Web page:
Scary Thought: Jones Is Faster This Year

FAYETTEVILLE — There has been no need to question Felix Jones' speed, at least not lately.

Defensive coordinators know the junior is fast. Maybe not as explosive as that other Arkansas running back, but it's close.

Special teams coaches also know by now to take Jones' speed into account, especially when determining whether to kick the football to him. One mistake and he's gone for a touchdown.

But after seven games this season, it appears that Jones is actually running faster than he did a year ago. Or maybe defenders have simply gotten slower.

"Oh yeah, I believe I've gotten a little faster," Jones said Monday, as if it were no secret. Apparently, it's not.

"I think he's a better football player this year than he was last year," Arkansas coach Houston Nutt said. "I think he's faster."

Jones isn't exactly sure what his 40-yard dash time is — he guessed it was around 4.4 seconds.

Whatever it is, the Tulsa native has managed so far this season to show his breakaway speed and dispel the notion that he's nothing more than Darren McFadden's backup.

"All eyes are on Darren, and then all of a sudden Felix gets in the game and there he goes down the sideline," Nutt said.

While McFadden remains a Heisman Trophy candidate, the argument could be made that Jones has been Arkansas' more explosive and dangerous running back this season.

The 6-foot, 207 pounder leads the nation in yards per carry, averaging nearly a first down — 9.6 yards — every time he touches the football.

Jones has needed only 81 carries to gain 774 yards and seven touchdowns this season. And his average of 110.6 yards rushing per game ranks third in the Southeastern Conference behind only McFadden (133.1) and Kentucky's Rafael Little (113.7).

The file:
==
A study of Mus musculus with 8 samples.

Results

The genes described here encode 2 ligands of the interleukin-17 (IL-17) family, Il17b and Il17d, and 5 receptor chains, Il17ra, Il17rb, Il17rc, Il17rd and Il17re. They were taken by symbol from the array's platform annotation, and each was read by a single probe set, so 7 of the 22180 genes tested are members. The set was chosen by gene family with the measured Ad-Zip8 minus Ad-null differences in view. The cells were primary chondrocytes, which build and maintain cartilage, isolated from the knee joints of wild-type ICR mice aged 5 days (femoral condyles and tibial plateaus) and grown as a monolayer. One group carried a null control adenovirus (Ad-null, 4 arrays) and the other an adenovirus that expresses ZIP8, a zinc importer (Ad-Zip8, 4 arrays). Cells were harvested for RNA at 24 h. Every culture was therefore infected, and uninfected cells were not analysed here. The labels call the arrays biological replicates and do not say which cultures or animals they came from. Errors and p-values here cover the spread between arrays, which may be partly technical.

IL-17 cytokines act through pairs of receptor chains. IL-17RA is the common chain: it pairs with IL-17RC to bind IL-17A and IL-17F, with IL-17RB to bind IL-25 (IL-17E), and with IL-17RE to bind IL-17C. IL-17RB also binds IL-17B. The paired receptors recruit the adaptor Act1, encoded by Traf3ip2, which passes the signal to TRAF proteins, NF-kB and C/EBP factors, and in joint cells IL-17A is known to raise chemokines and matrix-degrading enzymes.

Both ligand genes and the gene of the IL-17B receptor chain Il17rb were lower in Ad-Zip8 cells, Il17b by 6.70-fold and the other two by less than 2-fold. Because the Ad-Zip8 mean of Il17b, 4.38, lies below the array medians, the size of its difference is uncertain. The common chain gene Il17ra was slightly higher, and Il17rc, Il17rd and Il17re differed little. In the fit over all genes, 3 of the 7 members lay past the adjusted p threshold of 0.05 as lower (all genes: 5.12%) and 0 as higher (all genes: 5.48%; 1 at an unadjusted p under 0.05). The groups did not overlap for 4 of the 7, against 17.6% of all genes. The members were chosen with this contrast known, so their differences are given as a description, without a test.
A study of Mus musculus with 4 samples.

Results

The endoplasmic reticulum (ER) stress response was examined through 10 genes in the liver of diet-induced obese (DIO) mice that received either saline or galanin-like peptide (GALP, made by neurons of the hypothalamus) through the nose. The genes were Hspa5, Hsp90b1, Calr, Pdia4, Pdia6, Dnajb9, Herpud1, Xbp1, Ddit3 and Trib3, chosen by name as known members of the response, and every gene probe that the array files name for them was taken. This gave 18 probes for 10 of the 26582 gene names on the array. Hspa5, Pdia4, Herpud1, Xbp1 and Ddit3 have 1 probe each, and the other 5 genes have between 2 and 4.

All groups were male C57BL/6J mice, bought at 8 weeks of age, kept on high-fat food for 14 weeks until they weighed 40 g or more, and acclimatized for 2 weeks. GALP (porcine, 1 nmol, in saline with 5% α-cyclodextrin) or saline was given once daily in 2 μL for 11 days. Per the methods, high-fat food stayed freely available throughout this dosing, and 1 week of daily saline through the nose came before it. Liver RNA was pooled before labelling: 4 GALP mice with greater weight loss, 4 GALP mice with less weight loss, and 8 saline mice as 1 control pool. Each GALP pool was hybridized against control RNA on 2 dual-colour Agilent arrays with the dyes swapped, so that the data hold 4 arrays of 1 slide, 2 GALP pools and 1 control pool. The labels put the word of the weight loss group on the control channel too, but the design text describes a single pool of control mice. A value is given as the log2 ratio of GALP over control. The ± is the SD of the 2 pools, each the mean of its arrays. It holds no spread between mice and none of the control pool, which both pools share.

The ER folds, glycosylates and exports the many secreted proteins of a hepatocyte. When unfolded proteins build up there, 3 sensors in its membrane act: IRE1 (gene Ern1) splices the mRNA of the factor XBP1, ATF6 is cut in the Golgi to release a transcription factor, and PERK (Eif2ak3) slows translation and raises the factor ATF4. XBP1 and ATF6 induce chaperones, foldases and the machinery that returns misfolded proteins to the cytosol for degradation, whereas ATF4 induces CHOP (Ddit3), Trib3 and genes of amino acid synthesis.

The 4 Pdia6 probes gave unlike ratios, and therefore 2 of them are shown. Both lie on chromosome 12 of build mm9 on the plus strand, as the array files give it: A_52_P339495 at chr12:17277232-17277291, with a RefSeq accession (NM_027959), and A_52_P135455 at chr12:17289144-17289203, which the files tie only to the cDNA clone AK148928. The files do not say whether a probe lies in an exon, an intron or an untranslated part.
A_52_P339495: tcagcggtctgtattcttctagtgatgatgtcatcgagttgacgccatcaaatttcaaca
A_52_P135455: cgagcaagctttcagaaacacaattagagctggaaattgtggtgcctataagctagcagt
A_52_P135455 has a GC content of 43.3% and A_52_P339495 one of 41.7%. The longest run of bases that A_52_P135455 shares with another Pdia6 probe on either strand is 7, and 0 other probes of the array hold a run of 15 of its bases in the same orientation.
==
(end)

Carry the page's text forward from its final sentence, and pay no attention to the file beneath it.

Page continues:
"I feel like every play I want to score. I've got to score, that's just me," Jones said. "If I don't get it, I try to get as much as I can."

Jones' running style differs from McFadden's. It's more shifty and elusive compared to McFadden's bruising approach, which has taken a toll on last year's Heisman Trophy runner-up.

McFadden hasn't looked as explosive this season while nursing a slight concussion early on and bruised ribs as of late. That's where Jones comes in to help carry the load and show defenses a different look.

Jones has broken a run of at least 36 yards in each of Arkansas' seven games this season. He scored on a 38-yard scamper down the right sideline on his first carry in last Saturday's 44-8 win at Ole Miss.

Jones finished with 15 carries for 101 yards and two touchdowns against the Rebels. It was his fifth 100-yard game, only one fewer than McFadden. His seven rushing touchdowns are as many as McFadden has this season.

"If you know Felix, that's the way he plays. There is only one speed. There is not a halfway switch; he doesn't have that," Nutt said. "It's full, full speed.

"He's a competitor who hates to lose. When you hand him the ball, he's going to try to score every time he touches it."

That seems to be the case even when he's on special teams.

Jones has returned a pair of kickoffs for touchdowns this season, a 90 yarder in the season opener against Troy University and an 82 yarder against Kentucky.

He's one of only three kick returners in the nation who have scored two touchdowns this season, and his 31.58 yards per kickoff return ranks fourth nationally.

Jones said he's gotten faster this season thanks to a summer workout plan created by Arkansas strength and conditioning coach Don Decker. The results have been noticeable so far.

"I just see a guy that has very, very quick acceleration," Nutt said of Jones. "I think he's faster this year. He turns a corner quicker."



Felix Jones

Age: 20

Class: Junior

Size: 6-foot, 207 pounds

Hometown: Tulsa, Okla.

Notable: Jones has already recorded five 100-yard rushing games this season, as many as he had all of last season. He has 12 100-yard games in his career, which spans only two-plus seasons. He ranks third in the Southeastern Conference and 21st nationally with an average of 110.57 yards per game this season. He's also averaging 9.6 yards per carry, the most by anyone in college football.